Our Founders

Sharing the Gospel through Education in Africa

Village Schools International was founded by a group of Christians who believe that God desires His church in the 21st century to make a positive difference on the continent of Africa, and in particular to impact the poorest of the poor who live in thousands of villages across the continent.

Steve Vinton, co-founder of Village Schools International, currently serving as an adviser to Village Schools Tanzania, Village Schools Malawi and Village Schools Zambia.

Steve Vinton has served for nearly three decades as a missionary in Africa, first as a teacher, and then as an adviser to his former students as they worked together to establish primary and secondary schools, a teacher training college, a theological college, churches, medical clinics and various community development projects in Congo and now in Tanzania.

Steve often speaks at colleges, churches and schools in the United States and in Tanzania.  He guest lectures once or twice annually on "The Spontaneous Multiplication of Churches" or "Christian Community Development" for the Perspectives on the World Christian Movement course offered around the United States under the auspices of the US Center for World Missions.

Steve helped a group of his former students found Village Schools Tanzania, and then helped groups of Christians to found Village Schools Malawi, Village Schools Zambia and Village Schools Uganda.

Susan Vinton, co-founder of Village Schools International, currently teaching and helping with the HIV/AIDS outreach of Village Schools Tanzania.

Susan Vinton was a Peace Corps volunteer before she met Steve, served with the Salvation Army World Service office for 3 years and later as a missionary has been involved in curriculum development, helping women start small businesses, teacher training and most recently in mobilizing people to address the problem of HIV/AIDS in the villages where Village Schools Tanzania is building schools.

Susan teaches English to more than 150 students every week. After school, and on weekends, she works with her students and her fellow teachers to meet the needs of widows, orphans and those sick with HIV/AIDS in more than 1300 households in the villages around the school where she teaches.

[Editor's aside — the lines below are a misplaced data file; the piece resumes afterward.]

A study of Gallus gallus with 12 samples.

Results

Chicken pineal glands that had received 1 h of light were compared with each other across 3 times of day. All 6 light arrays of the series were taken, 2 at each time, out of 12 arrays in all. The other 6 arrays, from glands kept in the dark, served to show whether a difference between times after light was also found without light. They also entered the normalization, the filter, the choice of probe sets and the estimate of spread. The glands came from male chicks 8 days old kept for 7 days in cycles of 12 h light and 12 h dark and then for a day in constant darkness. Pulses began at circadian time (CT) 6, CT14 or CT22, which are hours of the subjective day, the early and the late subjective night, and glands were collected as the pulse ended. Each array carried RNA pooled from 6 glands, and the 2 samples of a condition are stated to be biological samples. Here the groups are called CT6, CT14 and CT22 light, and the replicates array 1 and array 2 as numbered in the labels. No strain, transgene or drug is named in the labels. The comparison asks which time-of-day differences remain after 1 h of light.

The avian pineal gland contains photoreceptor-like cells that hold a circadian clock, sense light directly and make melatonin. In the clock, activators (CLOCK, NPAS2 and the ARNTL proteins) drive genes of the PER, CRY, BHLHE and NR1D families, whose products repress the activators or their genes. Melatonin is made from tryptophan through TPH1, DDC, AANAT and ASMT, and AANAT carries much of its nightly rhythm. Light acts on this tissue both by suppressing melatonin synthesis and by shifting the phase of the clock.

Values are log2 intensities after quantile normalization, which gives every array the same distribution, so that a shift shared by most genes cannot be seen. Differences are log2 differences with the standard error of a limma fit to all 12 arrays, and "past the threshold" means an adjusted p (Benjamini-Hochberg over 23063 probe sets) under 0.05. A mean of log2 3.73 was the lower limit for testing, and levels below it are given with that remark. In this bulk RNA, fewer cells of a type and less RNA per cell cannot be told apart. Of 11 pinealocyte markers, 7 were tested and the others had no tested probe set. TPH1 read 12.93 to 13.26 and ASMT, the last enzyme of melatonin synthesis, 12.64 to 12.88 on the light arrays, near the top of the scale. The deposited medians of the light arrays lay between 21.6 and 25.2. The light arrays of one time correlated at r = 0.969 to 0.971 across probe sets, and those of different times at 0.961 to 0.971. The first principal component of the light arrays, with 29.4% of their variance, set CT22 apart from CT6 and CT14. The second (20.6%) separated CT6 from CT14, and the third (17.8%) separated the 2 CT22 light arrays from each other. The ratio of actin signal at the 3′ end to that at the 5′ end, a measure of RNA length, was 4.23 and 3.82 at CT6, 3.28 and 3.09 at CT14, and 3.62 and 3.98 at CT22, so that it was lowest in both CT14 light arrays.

Godfrey Hiari currently serves as Director of Village Schools Tanzania

Godfrey Hiari was one of Steve and Susan Vinton's students who was born and raised in a small village in western Tanzania. Having gotten the chance to go to school through a community development project Steve & Susan launched, he participated in founding Village Schools Tanzania with the goal of giving other young people the same opportunity he had. Godfrey presently serves as Director of Village Schools Tanzania.

The expansion of VSI's ministry from Tanzania across the border into neighboring Malawi is the result of contacts and meetings that Godfrey had with officials in the Ministry of Education, students at the African Bible College, and other interested individuals in Malawi.

Emmanueli Masumbuko currently serves as General Secretary of Village Schools Tanzania

Emmanueli Masumbuko was also one of Steve and Susan Vinton's students. He is presently serving as the General Secretary of Village Schools Tanzania, spending most of his time in overseeing the large team of more than 520 Tanzania teachers. He helped start one of VST's schools in his home village in southwestern Tanzania.

In 2005, when Village Schools Tanzania obtained its first construction vehicle it was Emmanueli who volunteered to learn to drive it. Today Emmanueli oversees a team of 9 drivers that he has trained to do more than simply transport cement and metal roofing. They mobilize communities and work together with them to enable them to transport more bricks and stones in a single day than people could carry on their heads in an entire month.

Sarah Bickel served for five years as a missionary teacher and as an adviser to Village Schools Tanzania.

Sarah Bickel served as a missionary teacher in a small school in Tanzania before joining Steve, Susan, Godfrey and Emmanueli in launching VSI in Tanzania. She taught full-time, served as a trainer for new missionary teachers, and was very involved in the programs Village School Tanzania initiated to help people with HIV/AIDS in the Mufindi district of central Tanzania.

As part of obtaining her masters, Sarah researched partnerships and wrote a paper entitled: "Hope for Partnerships? Local Leadership in an International Partnership in Rural Tanzania." She is currently in the United States, after having helped to design the curriculum for the leadership training college that Village Schools Tanzania opened in central Tanzanian in June 2015.